Programs See More Evidence of Benefits From Incentives
The research evidence is mounting that addiction treatment programs can see benefits from offering certain clients incentives for maintaining sobriety (see September/October 2006 issue). A study supported by the National Institute on Drug Abuse (NIDA) suggests that offering methamphetamine abusers both psychosocial therapy and a contingency management system of rewards for clean urine screens results in more effective outcomes than what is seen from psychosocial therapy alone. Clients in clinics that participated in this 12-week study received rewards of plastic chips that could be redeemed for various prizes. Study results were published in the November issue of the American Journal of Psychiatry.
“This study represents the first controlled trial of [contingency management] in the treatment of methamphetamine abuse,” NIDA Director Nora D. Volkow, MD, said in a statement. Researchers led by John Roll of Washington State University found that clients receiving rewards maintained continuous abstinence for an average of nearly five weeks, compared to an average of fewer than three weeks of abstinence in the therapy-only group. Therapy used at the participating clinics consisted of either comprehensive psychosocial treatment under the Matrix Model or a combination of cognitive-behavioral therapy and relapse prevention strategies.
DUI Clients' Problems Could Transcend Alcohol
Substance abuse treatment programs that see a good number of clients who have been arrested for driving under the influence may want to consider the presence of co-occurring mental health problems in these individuals. A study conducted by Sandra Lapham, MD, MPH, director of the PIRE Behavioral Health Research Center of the Southwest in Albuquerque, New Mexico, found that in a group of people convicted of at least two DUI offenses in the past 10 years, nearly 60% reported experiencing major depression, bipolar disorder, obsessive-compulsive disorder, or post-traumatic stress disorder (PTSD) over their lifetime. Depression rates were higher among women in the study, while PTSD was more common in the men studied.
“The offender should be viewed as a unique person with a unique set of issues,” Lapham said. “If they include psychiatric problems, these should be treated along with drug and alcohol issues.” Study participants were part of a three-year judicial program in Multnomah County, Oregon, in which DUI offenders can receive reduced jail time in exchange for intensive supervision under a system of rewards and punishments. Study results were published in the September issue of the Journal of Studies on Alcohol.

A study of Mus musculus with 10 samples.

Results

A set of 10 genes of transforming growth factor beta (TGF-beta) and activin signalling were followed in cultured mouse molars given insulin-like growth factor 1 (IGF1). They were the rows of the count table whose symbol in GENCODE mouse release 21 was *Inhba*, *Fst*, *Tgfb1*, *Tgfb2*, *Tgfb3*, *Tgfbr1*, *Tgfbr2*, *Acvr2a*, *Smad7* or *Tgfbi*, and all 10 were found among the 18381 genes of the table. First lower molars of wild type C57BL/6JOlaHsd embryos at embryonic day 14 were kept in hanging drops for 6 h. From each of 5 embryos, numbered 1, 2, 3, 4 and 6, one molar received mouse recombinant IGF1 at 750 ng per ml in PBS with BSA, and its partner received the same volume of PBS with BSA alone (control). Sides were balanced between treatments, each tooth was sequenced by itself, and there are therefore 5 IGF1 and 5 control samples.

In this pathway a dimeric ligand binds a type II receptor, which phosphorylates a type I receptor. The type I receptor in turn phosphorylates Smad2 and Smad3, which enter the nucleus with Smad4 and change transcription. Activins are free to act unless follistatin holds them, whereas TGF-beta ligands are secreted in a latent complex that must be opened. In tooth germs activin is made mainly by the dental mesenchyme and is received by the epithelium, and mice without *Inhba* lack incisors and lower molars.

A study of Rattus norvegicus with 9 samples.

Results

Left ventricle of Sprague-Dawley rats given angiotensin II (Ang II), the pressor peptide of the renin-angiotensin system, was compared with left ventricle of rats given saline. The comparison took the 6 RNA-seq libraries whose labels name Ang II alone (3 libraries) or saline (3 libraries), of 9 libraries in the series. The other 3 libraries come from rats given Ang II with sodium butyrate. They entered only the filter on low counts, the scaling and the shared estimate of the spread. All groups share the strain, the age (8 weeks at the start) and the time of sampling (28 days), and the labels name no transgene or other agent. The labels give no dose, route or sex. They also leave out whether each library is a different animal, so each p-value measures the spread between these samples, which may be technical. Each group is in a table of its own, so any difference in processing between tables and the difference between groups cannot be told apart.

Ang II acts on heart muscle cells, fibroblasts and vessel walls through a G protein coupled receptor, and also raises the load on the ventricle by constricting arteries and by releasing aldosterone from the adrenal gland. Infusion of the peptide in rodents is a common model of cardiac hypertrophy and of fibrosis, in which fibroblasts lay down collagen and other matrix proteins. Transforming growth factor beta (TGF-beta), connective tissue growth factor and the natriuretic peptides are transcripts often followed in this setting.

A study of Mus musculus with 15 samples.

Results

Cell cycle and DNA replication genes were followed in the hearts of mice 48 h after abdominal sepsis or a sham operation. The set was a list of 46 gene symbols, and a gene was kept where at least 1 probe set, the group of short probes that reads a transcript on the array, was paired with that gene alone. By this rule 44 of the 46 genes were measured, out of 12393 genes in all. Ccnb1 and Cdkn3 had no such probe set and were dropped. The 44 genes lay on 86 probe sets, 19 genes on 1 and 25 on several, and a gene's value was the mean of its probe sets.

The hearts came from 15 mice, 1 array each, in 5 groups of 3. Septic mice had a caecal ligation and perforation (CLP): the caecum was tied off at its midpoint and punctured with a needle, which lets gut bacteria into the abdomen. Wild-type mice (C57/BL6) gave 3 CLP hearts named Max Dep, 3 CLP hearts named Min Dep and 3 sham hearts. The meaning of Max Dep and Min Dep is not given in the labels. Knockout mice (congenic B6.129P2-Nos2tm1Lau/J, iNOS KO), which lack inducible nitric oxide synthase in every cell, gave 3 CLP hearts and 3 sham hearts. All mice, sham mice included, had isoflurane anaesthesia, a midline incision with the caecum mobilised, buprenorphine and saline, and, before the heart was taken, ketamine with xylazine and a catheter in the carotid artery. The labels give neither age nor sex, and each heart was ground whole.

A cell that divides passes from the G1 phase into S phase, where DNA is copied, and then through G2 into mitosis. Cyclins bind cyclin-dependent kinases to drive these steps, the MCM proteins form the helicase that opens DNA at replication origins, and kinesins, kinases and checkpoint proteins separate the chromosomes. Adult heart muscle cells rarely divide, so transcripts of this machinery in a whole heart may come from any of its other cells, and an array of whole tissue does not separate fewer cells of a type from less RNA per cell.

Meth, Prescription Rx Admissions Continue to Gain in Prominence
Statistics released earlier this year from the Treatment Episode Data Set (TEDS) for 2004 indicate that substance abuse treatment admissions for methamphetamine and prescription pain medications have continued to increase in recent years. The Substance Abuse and Mental Health Services Administration (SAMHSA) reported that methamphetamine admissions to treatment increased by 25% from 2002 to 2004, and admissions for opiates other than heroin rose by 42% over the same period. The federal data show 129,179 treatment admissions for which methamphetamine was the primary substance of abuse in 2004, and 63,243 admissions that year for which prescription opiates were the primary drug of abuse.
The 2004 data showed that in seven states, at least 20% of substance abuse treatment admissions were a result of methamphetamine abuse. Those states are Arkansas, California, Hawaii, Idaho, Nevada, Oklahoma, and Utah. The TEDS report is based on 1.8 million annual admissions to facilities licensed or certified by each state's substance abuse agency.